NASA’s Jeanette Epps was on track to become the first African-American International Space Station (ISS) crew member. However, on Thursday the space agency announced it was rearranging their scheduled line-ups and Epps would be replaced by Serena Auñón-Chancellor for the June mission.
It’s unclear exactly why she was bumped from the mission. These types of decisions are “personnel matters for which NASA doesn’t provide information,” spokesperson Stephanie Schierholz, said in an email, Newsweek previously reported.
But, Epps’ brother believes he has the answer to why she was released.
“My sister Dr. Jeannette Epps has been fighting against oppressive racism and misogynist in NASA and now they are holding her back and allowing a Caucasian Astronaut to take her place!” Henry Epps wrote in a Facebook post on Saturday evening.
His post was accompanied by a link to a MoveOn.org petition which calls on NASA to reassign Epps to the mission. As of Sunday evening, the post had racked up more than 350 signatures. Epps’ brother didn’t start the online petition, but he and other family members signed it, NYup.com reports.
“My sister deserve a chance just life [sic] her white peers! This administration policies and culture is reprehensible against their stance against women and minorities in this nation. We have lost all of the gains we gained over the past 40 years in one year?No more!” he wrote on Facebook. “We cannot continue to tolerate what is going on in America but we must stand together and stand behind our people and out [sic] nation!”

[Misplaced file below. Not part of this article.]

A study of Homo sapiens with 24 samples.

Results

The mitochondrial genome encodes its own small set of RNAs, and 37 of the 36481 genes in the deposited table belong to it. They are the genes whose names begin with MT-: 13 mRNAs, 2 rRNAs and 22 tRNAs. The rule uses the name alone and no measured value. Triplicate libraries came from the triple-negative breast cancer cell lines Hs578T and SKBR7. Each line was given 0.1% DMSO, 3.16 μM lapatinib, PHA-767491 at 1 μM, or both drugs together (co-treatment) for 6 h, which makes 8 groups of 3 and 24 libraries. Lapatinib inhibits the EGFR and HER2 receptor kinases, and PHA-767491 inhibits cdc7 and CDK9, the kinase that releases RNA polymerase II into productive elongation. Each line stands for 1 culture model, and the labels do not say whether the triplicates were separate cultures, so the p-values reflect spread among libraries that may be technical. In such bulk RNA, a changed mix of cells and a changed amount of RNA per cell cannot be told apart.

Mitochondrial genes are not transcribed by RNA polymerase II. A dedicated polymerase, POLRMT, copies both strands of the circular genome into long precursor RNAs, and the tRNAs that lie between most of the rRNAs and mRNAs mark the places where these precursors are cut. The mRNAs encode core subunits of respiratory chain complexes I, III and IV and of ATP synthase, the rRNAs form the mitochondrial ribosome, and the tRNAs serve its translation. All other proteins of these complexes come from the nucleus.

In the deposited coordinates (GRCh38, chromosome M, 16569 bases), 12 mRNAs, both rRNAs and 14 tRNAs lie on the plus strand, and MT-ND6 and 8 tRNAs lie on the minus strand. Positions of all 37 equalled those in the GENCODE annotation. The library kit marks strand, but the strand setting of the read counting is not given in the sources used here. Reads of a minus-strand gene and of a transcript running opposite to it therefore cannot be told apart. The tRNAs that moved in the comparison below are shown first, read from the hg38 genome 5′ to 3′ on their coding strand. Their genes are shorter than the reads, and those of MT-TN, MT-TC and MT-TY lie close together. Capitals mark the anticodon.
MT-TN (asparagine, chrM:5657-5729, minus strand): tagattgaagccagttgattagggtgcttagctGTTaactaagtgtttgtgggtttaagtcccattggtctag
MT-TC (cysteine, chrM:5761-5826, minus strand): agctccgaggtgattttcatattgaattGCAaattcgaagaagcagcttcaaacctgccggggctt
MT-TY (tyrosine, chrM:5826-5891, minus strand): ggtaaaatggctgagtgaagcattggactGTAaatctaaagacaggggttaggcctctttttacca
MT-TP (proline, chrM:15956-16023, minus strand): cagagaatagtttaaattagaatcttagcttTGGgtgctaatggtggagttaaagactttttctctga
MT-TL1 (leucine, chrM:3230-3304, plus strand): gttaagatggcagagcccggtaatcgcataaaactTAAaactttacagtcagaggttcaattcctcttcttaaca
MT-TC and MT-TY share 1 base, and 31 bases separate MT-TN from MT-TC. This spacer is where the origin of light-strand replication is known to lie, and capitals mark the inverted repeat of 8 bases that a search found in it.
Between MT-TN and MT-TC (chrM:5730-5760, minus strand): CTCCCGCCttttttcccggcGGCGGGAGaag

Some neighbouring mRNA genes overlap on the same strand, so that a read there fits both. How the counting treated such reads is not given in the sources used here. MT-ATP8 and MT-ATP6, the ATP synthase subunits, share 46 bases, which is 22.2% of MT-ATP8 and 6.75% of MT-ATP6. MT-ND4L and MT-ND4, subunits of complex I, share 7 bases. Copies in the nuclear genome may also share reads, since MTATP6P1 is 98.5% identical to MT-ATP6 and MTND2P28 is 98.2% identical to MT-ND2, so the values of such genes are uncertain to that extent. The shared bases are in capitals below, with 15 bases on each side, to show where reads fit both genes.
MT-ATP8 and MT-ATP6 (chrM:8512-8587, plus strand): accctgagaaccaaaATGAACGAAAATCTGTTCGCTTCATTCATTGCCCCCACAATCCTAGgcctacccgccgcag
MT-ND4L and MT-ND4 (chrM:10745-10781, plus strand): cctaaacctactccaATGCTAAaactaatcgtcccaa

A number of people who signed the petition wrote comments asking for NASA to offer a credible reason for why she was released. It’s important to note it’s not unusual for them to offer no explanation to the public when crews are reassigned. If there’s a medical reason, they’ll sometimes offer some information, but even in those cases, it’s very limited, according to Ars Technica.
Epps will now remain on the ground in Houston and work at the agency’s Johnson Space Center. She’ll also be considered for future space missions, NASA announced in a statement.